The European Commission against Racism and Intolerance (ECRI) has published its fourth report on the United Kingdom. ECRI’s Chair, Nils Muiznieks, pointed out positive steps in fighting discrimination, but also expressed concern that racist incidents had become more frequent, police powers were exercised in a manner that disproportionately affected minority groups, Gypsies and Travellers still faced serious discrimination and asylum-seekers remained in a vulnerable position.
As regards positive developments, the legal framework for combating racism and discrimination has been strengthened. New criminal provisions on the prohibition of religious hatred have been enacted and police forces now apply a uniform definition of racist incidents. In addition, an Equality Bill has been introduced in Parliament with the aim of harmonising discrimination law and raising existing standards; it should provide similar protection against discrimination on the grounds of religion and belief to that provided on the grounds of race.
The United Kingdom authorities have continued their extensive monitoring of the situation of minority ethnic groups in various policy areas in order to address the problems identified better. Considerable efforts have been made to ensure that racially motivated offences are comprehensively and consistently reported and recorded by the police and to streamline practices throughout the criminal justice system.
Some encouraging signs have been noted in terms of reducing inequalities experienced by minority ethnic groups. Educational attainment among Black and minority ethnic pupils has continued to improve and the employment gap between the total population and minority ethnic groups has narrowed. An overall strategy entitled “Improving Opportunity, Strengthening Society” has been implemented with the aim of increasing racial equality in key public services such as employment, health, education and building community cohesion.
At the same time, the rise in racist incidents in recent years is worrying. The impact of anti-terror legislation on minority groups also continues to cause concern, with measures such as stops and searches disproportionately affecting members of Black and other minority ethnic communities. As a result, members of these communities, especially Muslims, feel increasingly stigmatised.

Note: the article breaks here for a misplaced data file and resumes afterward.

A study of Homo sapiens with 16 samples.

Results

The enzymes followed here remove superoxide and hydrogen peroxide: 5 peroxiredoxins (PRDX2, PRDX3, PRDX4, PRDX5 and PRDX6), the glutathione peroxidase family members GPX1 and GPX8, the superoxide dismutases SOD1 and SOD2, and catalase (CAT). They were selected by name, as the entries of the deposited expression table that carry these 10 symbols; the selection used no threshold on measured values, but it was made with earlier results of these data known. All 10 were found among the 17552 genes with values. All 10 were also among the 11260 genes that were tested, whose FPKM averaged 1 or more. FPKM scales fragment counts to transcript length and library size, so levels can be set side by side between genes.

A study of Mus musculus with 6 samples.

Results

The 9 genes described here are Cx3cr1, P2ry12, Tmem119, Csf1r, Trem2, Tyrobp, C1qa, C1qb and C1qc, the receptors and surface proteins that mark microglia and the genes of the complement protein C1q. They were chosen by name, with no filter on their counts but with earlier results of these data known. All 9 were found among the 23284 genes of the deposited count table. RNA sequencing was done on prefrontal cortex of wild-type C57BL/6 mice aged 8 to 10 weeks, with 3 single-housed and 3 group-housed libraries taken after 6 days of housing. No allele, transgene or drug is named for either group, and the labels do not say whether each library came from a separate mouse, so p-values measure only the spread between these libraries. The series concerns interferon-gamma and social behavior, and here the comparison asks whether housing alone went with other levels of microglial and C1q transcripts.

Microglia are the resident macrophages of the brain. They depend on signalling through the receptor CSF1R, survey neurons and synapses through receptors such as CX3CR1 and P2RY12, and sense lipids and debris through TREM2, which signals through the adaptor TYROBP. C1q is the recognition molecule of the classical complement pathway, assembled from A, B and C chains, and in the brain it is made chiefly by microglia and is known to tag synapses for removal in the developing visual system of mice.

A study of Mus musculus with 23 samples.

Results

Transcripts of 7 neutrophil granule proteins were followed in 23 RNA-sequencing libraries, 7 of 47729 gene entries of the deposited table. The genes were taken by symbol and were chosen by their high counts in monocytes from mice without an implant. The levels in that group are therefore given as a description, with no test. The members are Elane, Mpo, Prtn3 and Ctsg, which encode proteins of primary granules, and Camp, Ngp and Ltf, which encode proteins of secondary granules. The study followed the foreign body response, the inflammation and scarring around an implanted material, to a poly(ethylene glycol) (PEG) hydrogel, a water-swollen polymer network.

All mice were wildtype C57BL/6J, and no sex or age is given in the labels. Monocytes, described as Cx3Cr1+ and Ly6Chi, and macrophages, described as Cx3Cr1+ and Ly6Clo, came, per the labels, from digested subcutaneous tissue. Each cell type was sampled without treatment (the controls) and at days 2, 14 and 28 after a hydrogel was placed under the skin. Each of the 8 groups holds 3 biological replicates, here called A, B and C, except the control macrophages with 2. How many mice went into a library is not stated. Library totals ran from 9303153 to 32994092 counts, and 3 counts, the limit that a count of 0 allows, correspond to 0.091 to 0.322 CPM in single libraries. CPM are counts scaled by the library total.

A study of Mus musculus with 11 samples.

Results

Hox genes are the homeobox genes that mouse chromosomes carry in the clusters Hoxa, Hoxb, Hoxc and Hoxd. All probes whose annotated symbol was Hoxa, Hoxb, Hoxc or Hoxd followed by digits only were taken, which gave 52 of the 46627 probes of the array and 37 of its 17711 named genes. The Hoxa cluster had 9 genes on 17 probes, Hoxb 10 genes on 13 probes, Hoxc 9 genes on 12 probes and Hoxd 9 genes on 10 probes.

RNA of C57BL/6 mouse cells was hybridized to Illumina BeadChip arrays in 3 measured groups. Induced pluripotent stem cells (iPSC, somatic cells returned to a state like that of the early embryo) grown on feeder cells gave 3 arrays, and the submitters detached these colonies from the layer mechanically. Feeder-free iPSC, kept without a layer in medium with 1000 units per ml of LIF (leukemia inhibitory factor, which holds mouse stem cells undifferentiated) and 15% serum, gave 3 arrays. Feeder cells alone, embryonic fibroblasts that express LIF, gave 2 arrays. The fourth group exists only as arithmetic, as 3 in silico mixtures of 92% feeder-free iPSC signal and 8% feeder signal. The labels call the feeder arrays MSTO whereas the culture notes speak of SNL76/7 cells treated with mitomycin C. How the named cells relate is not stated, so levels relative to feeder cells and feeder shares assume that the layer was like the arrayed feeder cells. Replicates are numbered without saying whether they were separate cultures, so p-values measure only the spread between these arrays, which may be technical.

Gypsies and Travellers are still most likely to encounter discrimination in all fields of daily life and they face some of the most severe levels of hostility and prejudice. The lack of adequate sites has also frequently been at the root of community tensions.
Asylum-seekers remain vulnerable to destitution, hastily reached decisions rejecting their claims and unnecessary detention. Together with Muslims, migrants, Gypsies and Travellers, they are regularly presented in a negative light both in political discourse and in the media, especially the tabloid press. The tone of public debate continues to include some elements of racist and xenophobic discourse.
In its report, ECRI has made a number of recommendations, three of which require priority implementation and will be revisited by ECRI in two years’ time:
Ensure that legal aid is available in discrimination cases before Employment Tribunals;
Complete the assessment of the accommodation needs of Gypsies and Travellers so as to address their disadvantages in access to adequate accommodation;
Continue to address the under-representation of ethnic minorities in the police.
The report, including Government observations, is available on www.coe.int/ecri.
ECRI is an independent human rights body of the Council of Europe which monitors problems of racism and intolerance, prepares reports and issues recommendations to member states.